The first Internet forum I ever got involved in was RfM.
I hardly knew what an Internet forum was in those days, but I read a bunch of the archived threads and wanted to join in the conversation. To do that, I needed a handle.
For a couple of seconds I thought about picking something Mormon-related. But that was the one constant shared by everyone on the board, and I figured it would be better to go with a name that highlighted something unique about me. So I decided to take my first name (Carol) and translate it into French. Thus chanson was born.
Over the next couple of years I as used this same handle on a bunch of different forums (fora?), I discovered a couple of amusing things: (1) not everyone speaks French, and (2) "chanson" -- as a username -- looks a lot like C. Hanson. I thought it was kind of funny that people made that assumption, so I figured "Hell, let's roll with it!"
In a lot of ways my novel grew out of my online adventures, so I decided to use my new identity as my pen-name. (Or nom de plume if I'm sticking with my snooty French-isms.) I threw in "L" as a middle initial partially because my real initials are C.L.H. and partially in honor of Lynn, the main character of my novel. It's fiction -- not autobiography -- but my pen-name is fictional as well, so maybe it's the real autobiography of the fictional author...?
A funny side note is that that means my fictional pen-name in full should be "Carol Lynn Hanson." Of course that immediately calls to mind Carol Lynn Pearson, and you might think I did it on purpose. But you would be wrong: it's pure coincidence. I don't have any connection with Carol Lynn Pearson except the obvious (we're both women who write about Mormons from a Mormon perspective). She's also something of a mother-figure to the LDS gay community -- see Connell's fabulous story for a bit of what I'm talking about -- and sometimes I like to imagine myself in a similar role. (I don't know if any actual gay people think of me that way, but perhaps I'm sending them a subtle motherly vibe.)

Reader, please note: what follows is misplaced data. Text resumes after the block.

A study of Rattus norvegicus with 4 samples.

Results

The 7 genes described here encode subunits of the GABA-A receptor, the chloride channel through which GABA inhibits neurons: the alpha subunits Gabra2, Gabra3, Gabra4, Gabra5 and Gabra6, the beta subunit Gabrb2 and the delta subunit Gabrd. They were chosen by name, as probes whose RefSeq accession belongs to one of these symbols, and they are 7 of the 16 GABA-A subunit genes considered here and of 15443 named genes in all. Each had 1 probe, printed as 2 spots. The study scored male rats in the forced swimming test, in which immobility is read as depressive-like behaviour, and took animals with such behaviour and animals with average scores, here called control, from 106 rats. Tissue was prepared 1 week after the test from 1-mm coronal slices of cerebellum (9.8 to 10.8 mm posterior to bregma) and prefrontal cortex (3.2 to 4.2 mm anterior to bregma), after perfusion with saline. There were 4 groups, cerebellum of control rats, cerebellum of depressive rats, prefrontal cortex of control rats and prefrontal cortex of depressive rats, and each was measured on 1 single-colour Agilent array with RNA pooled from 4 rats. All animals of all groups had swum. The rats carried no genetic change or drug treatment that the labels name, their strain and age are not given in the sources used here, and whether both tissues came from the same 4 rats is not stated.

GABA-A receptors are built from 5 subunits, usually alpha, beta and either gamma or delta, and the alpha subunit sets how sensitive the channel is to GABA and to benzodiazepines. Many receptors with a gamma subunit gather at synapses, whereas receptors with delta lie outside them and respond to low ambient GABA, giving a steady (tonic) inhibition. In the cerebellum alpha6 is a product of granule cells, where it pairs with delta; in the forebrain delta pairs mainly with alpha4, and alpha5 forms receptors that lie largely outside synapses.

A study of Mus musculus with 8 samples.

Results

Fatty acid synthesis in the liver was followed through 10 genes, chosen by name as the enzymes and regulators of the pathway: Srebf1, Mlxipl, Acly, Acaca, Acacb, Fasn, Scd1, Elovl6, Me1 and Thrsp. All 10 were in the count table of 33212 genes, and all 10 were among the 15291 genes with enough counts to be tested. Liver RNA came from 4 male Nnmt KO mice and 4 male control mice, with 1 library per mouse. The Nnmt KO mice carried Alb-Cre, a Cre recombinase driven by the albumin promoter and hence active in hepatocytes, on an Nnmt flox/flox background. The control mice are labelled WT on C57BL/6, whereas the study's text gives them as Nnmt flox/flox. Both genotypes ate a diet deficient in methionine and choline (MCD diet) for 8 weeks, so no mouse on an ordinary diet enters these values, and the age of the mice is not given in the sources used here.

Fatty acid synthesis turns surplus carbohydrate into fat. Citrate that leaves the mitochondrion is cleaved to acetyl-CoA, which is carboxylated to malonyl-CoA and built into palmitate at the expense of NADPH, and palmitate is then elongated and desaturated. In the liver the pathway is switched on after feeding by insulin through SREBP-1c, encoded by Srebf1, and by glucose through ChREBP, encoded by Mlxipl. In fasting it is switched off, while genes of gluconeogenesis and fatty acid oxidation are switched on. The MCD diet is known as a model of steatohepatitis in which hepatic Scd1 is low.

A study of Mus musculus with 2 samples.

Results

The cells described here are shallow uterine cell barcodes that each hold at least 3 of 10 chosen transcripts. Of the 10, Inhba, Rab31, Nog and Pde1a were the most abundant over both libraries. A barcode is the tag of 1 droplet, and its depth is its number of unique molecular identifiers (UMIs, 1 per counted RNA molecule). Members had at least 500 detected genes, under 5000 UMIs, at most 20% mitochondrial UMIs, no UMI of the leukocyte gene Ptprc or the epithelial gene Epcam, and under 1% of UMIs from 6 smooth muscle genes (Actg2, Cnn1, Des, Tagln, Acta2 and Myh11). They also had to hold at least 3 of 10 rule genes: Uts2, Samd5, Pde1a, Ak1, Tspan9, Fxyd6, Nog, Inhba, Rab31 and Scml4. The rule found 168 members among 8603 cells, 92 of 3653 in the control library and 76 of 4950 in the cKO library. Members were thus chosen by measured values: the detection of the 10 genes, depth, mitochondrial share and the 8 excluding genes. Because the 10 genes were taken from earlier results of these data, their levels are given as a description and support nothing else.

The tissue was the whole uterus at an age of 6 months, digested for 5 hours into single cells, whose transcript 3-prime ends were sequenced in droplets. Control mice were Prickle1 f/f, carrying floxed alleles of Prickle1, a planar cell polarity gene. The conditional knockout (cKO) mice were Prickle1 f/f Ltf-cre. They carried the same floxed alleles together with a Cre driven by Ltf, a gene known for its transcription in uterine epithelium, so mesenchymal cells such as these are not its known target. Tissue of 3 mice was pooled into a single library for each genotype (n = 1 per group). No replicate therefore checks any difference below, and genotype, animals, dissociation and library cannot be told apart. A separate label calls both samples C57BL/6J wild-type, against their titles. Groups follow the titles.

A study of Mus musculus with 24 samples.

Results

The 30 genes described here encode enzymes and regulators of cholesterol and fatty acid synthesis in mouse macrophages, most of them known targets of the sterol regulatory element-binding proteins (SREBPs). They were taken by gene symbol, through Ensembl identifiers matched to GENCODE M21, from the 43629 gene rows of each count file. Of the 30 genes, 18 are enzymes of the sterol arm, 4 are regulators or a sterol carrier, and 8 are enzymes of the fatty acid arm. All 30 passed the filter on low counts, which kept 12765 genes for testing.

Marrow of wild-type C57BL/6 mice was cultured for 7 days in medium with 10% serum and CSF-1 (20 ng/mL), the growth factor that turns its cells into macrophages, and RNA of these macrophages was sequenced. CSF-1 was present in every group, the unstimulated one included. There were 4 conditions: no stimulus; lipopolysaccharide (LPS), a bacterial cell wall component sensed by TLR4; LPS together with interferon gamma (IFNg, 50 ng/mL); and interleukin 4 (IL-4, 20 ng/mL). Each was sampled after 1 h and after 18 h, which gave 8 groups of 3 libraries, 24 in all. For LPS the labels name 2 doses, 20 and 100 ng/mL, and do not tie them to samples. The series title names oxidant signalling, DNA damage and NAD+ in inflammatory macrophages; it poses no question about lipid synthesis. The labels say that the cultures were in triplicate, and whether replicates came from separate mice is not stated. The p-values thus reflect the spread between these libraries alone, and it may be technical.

My real name isn't much of a secret -- if you follow this blog, you've probably figured it out already. I don't post my real name here though because I use my real name professionally. I have a new Java book coming out in a little more than a month, and when my professional contacts google my name, I want my Java books and other professional writings to come up, not this... ;^)
Then there's the other part of my Internet name: my blog title "Letters from a Broad..." Peter Walters (who I met through exmo-social) came up with the name. For the first six months of this blog's life, it was a column in the (now-defunct) student paper the Utah Valley Monitor (which Peter founded).
I liked this name from the beginning because it reminded me of when I was a kid and the same ridiculous pun got me included in a boys' club (they wanted to be the "Traveler Society of America and Abroad" but for that of course they needed a broad...). I can't tell if it's feminist or anti-feminist of me to have decided to go with (and stick with) this blog name. Really, I don't mean anything by it, and it kind of weirdly seems to fit the theme of the blog, so I'm planning to stick with it.
Sometimes the names people use on the Internet seem more real than people's actual names. Your Internet handle is something you've made up for yourself, and it usually means something -- it's not just something chosen for you by earlier generations. On the other hand, it seems like most serious long-term internauts end up just using their real names eventually.
And you -- does your name have a story?